Photo by Adam Ryan Morris Sat. Nite Duets set out to write a concept album about America. Three years and a sonic trajectory change later, the Milwaukee band found a modicum of national success instead. In 2009, Duets formed, merging two high school bands, Boyscouts and Two Kids Get New Books. The new band soon […]
Photo by Adam Ryan Morris
Sat. Nite Duets set out to write a concept album about America. Three years and a sonic trajectory change later, the Milwaukee band found a modicum of national success instead.
In 2009, Duets formed, merging two high school bands, Boyscouts and Two Kids Get New Books. The new band soon gained attention for 2010’s One Nite Only. Since then, the eclectic, frontman-free project of now-22-year-olds Stephen Strupp, Joe Guszkowski, Andrew Jambura, John Guzikowski and 23-year-old Ben Gucciardi has become a rambunctious force, albeit a difficult one to yoke to any single genre. For singer/guitarist Gucciardi, it’s “holdouts from the dad rock tradition” and “five postgraduate dudes playing rock music.” Jambura (keyboard/drums/vocals) cites “a lot of classic rock influences.”
Despite the vagueness, the band’s brand of unkempt indie rock cooked up at the “Throwback Lounge,” also known as Gucciardi’s basement studio, is a recipe all its own: ’90s alternative influence, endearingly lo-fi experimentation and a heavy helping of humor. Take its album covers and homespun music videos, for instance. They showcase the band’s affinity for male nudity, the controversial Four Loko alcoholic energy drink, German subtitles, obscure Wisconsin sports memorabilia and a variety of off-putting masks. Yet Duets doesn’t consider its lighthearted nature a crutch or distraction from the music; rather, a welcome addition to the well-thought construct of accessible, off-kilter American rock ’n’ roll.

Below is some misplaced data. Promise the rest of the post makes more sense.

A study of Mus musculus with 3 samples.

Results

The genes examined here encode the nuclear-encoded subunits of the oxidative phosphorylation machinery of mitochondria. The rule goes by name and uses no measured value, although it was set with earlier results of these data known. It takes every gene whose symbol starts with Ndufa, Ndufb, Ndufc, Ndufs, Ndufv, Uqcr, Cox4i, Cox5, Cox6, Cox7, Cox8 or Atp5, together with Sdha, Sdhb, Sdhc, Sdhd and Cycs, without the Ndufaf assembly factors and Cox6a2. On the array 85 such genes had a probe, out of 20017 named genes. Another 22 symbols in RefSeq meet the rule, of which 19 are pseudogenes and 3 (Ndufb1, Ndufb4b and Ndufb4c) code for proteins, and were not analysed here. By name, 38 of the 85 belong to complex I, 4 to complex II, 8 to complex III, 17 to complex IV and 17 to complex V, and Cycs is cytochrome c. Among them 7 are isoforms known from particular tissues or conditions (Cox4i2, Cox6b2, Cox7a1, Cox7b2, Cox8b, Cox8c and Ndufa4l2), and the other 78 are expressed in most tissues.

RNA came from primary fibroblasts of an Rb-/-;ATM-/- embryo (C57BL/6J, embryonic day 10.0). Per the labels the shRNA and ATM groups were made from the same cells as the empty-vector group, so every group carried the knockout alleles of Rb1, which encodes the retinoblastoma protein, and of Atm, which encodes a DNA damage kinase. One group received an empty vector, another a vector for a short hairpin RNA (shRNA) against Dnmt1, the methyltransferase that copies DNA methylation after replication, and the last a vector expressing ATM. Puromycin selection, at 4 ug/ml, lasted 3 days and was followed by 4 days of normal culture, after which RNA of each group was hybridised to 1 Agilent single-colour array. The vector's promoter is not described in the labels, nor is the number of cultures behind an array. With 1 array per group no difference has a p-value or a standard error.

“It’s just an extension of our personalities,” Jambura says. “I guess I don’t worry about it being too funny or too jokey. It’s there and present, but it’s not something intentional. We’re not trying to make a Ween record.”
It’s pretty palatable, but loud, says Strupp. “If I was talking to someone’s mom, I feel like I might need to warn them about us.”
That warning might not be necessary. Duets is starting to make the rounds, from local media nods to sizable blurbs in respected national outlets, including GQ magazine and CNN.com, the former deeming Duets a “must listen” and comparing the group to popular ’90s act Pavement.
“We hate Pavement,” Gucciardi says, with a heavy dose of sarcasm. “Pavement sucks.”
Still, the attention has helped cultivate an audience for the band outside of Milwaukee while strengthening its appeal within the city. In January, Duets played a release show at Turner Hall for its latest full-length album, Summer of Punishment. That’s rarefied air for local acts. In June, Duets also embarked on a monthlong tour across the states, fittingly returning to play Summerfest July 4. Back in Milwaukee, the band will hit Linneman’s Riverwest Inn Aug. 4, a more common setting for local bands.
“It’s been incremental progress, but pretty remarkable,” Jambura says. “It’s definitely changed our view of what’s possible in a band.”
The possibilities will likely lead to another album, which they say they already have material for and near-future plans to record. The goal? “Make guitars not sound like guitars,” Strupp says. Not too shabby for an outfit that began as two bands and one singular aim of American pride.